BlackRock Portfolio Tweak Unleashed a Flood of ESG Demand

This year’s top asset-gathering sustainable ETF plays a supporting role in the firm’s models.

Sustainable strategies have attracted more than $26 billion of net new money this year through August, already surpassing the then-record $21.4 billion they attracted in 2019.[1] Nearly one fourth of that haul has gone to iShares ESG Aware MSCI USA ESGU, which saw a surge in demand after its addition to the firm’s model portfolios in January. It’s a sign of both investors’ increased willingness to employ sustainable strategies and how popular model portfolios can nudge investor behavior.

Third-party model portfolios are a growing option for financial advisors that are looking to outsource some, or all, of their portfolio management responsibilities. More than 400 have launched since 2018, with a growing number focused specifically on environmental, social, and governance mandates. In our recently released Model Portfolio Landscape, we identified 29 model portfolios that specifically target ESG mandates.

The biggest impact on ESG flows hasn’t come from intentional ESG model portfolios, however. It’s not common for model portfolios, which are generally built using multiple funds, to have a portion of assets invested in sustainable strategies; the lineup tends to be an all-ESG or nothing decision. In mid-January, BlackRock’s model portfolio management team, which oversees the largest suite of models in Morningstar’s database, became the exception. It added ESGU to around 40 of its target-risk model portfolios that don’t have a specific ESG mandate.

In the BlackRock 60/40 Target Allocation ETF model, for example, the team added a 6% weight to the ETF, or 10% of the overall equity allocation. It reduced its weight to iShares Core S&P Total U.S. Stock Market ITOT to make room.

BlackRock’s model team can choose from almost any BlackRock mutual fund or iShares ETF to construct its portfolios if the choice fits the overall mandate (some models own only ETFs, for example). The team added ESGU to the models because it thought the portfolios would benefit from owning higher-quality companies that minimized their ESG risks. They also saw a tailwind for companies that minimize ESG risks from growing investor demand for sustainable companies. Our research has also shown a growing interest in sustainable investing from U.S. investors regardless of gender or age. For these models, the outlook for ESG companies underpins this strategy choice.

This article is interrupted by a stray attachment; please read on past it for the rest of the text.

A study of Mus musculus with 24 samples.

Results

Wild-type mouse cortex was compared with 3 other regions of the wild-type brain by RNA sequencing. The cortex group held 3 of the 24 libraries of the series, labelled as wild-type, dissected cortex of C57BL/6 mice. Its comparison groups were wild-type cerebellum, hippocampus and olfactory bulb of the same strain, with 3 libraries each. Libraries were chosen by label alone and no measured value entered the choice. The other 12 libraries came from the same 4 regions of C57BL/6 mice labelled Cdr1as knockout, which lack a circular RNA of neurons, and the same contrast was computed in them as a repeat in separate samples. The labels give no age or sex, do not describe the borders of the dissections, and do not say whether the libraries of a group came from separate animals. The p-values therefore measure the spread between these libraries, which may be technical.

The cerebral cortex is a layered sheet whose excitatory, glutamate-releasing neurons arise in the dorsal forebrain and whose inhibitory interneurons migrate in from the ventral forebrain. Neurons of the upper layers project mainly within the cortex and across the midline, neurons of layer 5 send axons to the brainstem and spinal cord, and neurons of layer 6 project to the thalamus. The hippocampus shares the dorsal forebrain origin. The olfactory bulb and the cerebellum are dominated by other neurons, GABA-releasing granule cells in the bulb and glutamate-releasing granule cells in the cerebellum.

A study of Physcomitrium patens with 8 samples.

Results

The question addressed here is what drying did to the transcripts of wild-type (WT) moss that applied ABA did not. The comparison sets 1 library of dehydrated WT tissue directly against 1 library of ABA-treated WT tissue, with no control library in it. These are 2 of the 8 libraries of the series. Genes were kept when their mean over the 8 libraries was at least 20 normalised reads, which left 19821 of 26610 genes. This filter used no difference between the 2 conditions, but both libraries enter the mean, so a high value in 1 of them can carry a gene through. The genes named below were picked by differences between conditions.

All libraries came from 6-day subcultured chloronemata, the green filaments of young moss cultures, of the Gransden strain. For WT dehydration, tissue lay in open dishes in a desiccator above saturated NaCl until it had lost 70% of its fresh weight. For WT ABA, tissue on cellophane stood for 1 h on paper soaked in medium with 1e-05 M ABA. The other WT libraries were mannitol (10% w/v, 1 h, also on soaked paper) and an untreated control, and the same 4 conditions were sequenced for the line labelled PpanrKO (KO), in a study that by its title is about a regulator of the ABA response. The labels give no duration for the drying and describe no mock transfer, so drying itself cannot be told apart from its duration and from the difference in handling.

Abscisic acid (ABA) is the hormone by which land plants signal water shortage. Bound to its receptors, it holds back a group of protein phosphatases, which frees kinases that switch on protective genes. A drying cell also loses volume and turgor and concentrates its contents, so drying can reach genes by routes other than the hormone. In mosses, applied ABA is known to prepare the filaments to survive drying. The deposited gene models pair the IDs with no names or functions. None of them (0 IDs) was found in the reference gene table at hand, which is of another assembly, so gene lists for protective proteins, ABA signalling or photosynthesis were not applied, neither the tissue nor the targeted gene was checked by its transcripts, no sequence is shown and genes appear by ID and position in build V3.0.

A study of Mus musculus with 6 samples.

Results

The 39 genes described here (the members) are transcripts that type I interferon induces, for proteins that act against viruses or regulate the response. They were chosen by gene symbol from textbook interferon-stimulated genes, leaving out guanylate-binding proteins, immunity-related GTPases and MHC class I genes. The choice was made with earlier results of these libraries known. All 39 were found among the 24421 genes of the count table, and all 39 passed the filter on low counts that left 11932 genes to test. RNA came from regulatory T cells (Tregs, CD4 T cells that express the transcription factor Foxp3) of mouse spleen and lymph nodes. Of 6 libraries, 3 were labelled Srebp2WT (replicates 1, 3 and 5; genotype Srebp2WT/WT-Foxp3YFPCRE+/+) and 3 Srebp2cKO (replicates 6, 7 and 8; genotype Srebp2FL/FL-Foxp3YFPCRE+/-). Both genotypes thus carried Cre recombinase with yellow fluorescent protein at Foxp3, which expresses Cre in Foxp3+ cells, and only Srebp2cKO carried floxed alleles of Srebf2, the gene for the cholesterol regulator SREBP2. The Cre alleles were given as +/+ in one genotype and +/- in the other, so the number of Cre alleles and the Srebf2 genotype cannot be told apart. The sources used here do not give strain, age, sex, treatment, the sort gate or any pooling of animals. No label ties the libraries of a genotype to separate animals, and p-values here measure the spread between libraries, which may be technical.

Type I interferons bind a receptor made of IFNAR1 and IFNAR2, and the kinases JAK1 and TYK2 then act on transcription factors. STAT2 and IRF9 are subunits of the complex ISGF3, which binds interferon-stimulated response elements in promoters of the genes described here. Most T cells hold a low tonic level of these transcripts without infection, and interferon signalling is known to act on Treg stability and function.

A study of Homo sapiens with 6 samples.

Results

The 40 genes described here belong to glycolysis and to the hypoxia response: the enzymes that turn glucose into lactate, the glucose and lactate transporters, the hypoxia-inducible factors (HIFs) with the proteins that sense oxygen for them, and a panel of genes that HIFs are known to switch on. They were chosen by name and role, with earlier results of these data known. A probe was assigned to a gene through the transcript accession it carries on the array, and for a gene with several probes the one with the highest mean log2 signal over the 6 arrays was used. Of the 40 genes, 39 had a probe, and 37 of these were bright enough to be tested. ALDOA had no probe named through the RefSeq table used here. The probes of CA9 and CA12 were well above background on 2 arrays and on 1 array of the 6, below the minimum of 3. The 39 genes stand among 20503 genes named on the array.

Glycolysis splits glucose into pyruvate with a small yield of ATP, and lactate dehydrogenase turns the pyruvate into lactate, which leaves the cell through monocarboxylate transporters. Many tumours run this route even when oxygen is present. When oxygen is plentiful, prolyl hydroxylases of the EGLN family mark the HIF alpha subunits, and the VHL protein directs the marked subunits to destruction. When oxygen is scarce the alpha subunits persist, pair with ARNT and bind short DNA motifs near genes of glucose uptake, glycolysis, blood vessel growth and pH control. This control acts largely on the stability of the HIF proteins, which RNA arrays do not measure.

ESGU, which has a Morningstar Analyst Rating of Silver, has taken in approximately $6.1 billion through July, almost one fourth of the total haul for sustainable funds over that period. As model portfolios are not directly investable, we can’t say for certain how much of those flows can be attributed to the model portfolios. But by looking at its daily net flows, as seen in Exhibit 1, we can observe the impact the models have had.

The daily flows show a clear spike in investors purchasing the ETF when it was added to the models in January. When the model portfolios rebalanced in April, after sustainable funds had strong relative performance versus conventional funds during the first quarters bear market, the team boosted its weight in the portfolios, which led to another large spike in flows. In the 60/40 Target Allocation ETF portfolio, it went to a 10% weight, from 6%. More recently the rebalancing led to modest outflows in June, as the general outperformance of stocks versus bonds in May necessitated a reduction in equities for those portfolios to maintain strategic targets.

The ebb and flow can be seen in the monthly flows into sustainable funds too, as shown in Exhibit 2.

January and April, when the models first added the ETF and then increased the weight, have been the two biggest months for sustainable fund flows so far this year.

This scenario, though new, has benefited the models that hold ESGU and by extension the advisors implementing models. From Jan. 15 through the end of August, ESGU’s 10.5% return has handily outpaced the U.S. total market’s 7.4% return. It has also slightly edged the U.S. total market since the April rebalance.